Results from large-scale vaccinations match findings from clinical trials for the BioNTech/Pfizer messenger ribonucleic acid (mRNA) vaccine.
Data gathered from real-world vaccination programs following a single dose of Pfizer vaccine administration shows a reduction of 51.4% in infection risk and effectiveness of 54.4% against symptomatic coronavirus disease 2019 (COVID-19), matching clinical trial results.
The widescale implementation of vaccination programs to combat the COVID-19 pandemic has now provided extensive datasets to study vaccine effectiveness in real-world settings and compare this against the results of clinical trials.
This was investigated by a team of researchers in Israel from the Maccabi Institute for Research & Innovation as well as the Department of Epidemiology and Preventive Medicine of Tel Aviv University.
In a new study, the scientists considered the recently authorized BioNTech/Pfizer COVID-19 vaccine (also known as the BNT162b2 vaccine). This vaccine was chosen due to its common administration in Israel and because the vaccine has shown 95% efficacy in preventing COVID-19 with the 2-dose regimen in a phase III placebo-controlled randomized clinical trial, with the second dose given 21 days after the first vaccine dose.
The researchers tested whether the cumulative incidence of SARS-CoV-2 infection among individuals who received the BNT162b2 vaccine would decline after 12 days after immunization compared with the incidence during the preceding 12 days, and if this was consistent with clinical trial data.
Data was gathered from 503 875 individuals who received 1 dose of the Pfizer vaccine, with over half providing follow-up data for the following 3 weeks on the incidence of SARS-CoV-2 infection. Participants included individuals aged 16 years and older who received a single dose of the Pfizer vaccine between December 19, 2020, and January 15, 2021. The average age of patients was 59 years old, with nearly 53% of patients being women.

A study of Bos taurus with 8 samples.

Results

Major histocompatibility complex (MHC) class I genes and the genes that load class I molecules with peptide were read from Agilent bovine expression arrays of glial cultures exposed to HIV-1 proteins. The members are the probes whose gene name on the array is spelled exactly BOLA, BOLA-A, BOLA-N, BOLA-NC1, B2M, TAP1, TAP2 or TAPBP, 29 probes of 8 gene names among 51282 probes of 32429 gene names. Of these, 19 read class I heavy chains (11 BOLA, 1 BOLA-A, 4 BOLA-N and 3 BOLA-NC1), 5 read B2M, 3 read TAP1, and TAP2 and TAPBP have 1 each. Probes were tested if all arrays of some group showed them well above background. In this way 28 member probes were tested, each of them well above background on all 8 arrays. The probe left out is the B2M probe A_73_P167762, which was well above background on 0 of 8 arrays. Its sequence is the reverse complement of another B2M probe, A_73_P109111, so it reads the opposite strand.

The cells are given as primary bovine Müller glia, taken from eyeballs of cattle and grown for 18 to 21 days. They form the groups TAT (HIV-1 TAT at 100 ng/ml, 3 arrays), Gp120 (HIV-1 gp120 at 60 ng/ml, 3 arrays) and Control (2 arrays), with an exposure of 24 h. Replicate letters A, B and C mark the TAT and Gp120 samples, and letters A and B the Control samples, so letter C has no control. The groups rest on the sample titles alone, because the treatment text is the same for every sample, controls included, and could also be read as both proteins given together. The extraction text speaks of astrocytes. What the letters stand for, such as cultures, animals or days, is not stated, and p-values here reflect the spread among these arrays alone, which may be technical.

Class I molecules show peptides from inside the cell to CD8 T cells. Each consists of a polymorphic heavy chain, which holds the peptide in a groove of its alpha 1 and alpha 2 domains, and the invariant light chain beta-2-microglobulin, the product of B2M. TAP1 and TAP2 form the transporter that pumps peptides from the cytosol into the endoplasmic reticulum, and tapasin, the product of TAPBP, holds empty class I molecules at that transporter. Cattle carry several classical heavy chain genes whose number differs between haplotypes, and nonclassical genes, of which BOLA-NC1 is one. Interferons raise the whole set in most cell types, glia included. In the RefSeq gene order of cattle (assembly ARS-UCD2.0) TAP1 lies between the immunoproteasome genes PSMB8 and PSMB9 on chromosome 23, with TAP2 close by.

Altogether, findings revealed the single dose of vaccine was associated with 54% effectiveness against symptomatic COVID-19.
Findings also showed that the first dose of the vaccine was associated with an approximately 51% reduction in the risk of SARS-CoV-2 infections at 13 to 24 days after immunization compared with 1 to 12 days after vaccination. This indicates that the temporal aspect of vaccine administration is consistent with clinical trials occurring at the 3-week mark.
Real-world vaccination effectiveness maintained across demographic factors
The extensive dataset also provided researchers with further insight into potentially confounding factors such as age, gender, regional differences, and patients with previous medical conditions. Such factors would reveal whether portions of the population were particularly at risk, including high-risk patients such as older patients with medical histories.
The researchers, therefore, considered these factors in further analyses, demonstrating that vaccine effectiveness was maintained among individuals aged 60 years or older (44.5%), those younger than 60 years (50.2%), women (50.0%) and men (52.1%).
Findings were also similar across subpopulations (e.g. ultraorthodox Jewish: 53.5%) and patients with various comorbidities (e.g. cardiovascular diseases; 47.2%).
Considering potential confounding variables is indicative of the strengths of the analysis in the present study. The study also provides several additional strengths, including the use of large-scale automated data collection of vaccination status and laboratory results across all citizens free of charge. This provides a unique opportunity to explore vaccine effectiveness with minimal threat of the information bias that characterizes studies relying on a self-reported diagnosis.
Examining temporal changes in effectiveness and addressing limitations
A particularly advantageous perspective offered by the current analysis is the consideration of changes in vaccine effectiveness over time. This factor may be particularly insightful when comparing results to other vaccination types as well as the effectiveness of disease prevention programs across countries. Establishing the demographic groups at the highest risk for priority vaccination is a key aspect, yet few programs consider how temporal dimensions can alter herd immunity dynamics.
The present analysis was hindered by two key limitations that could be further examined in future research. First, despite the relatively large study population, the analysis was limited by the number of individuals with chronic illness who became infected with SARS-CoV-2 during the short study period. Second, are the decreased test rate 2 weeks after the first dose, which may have caused more asymptomatic infections to go undocumented and which may confound the analysis slightly.
Nevertheless, these challenges can be overcome using more refined data from hospital environments as well as in more recent data, as a larger proportion of the population has now been vaccinated with both doses.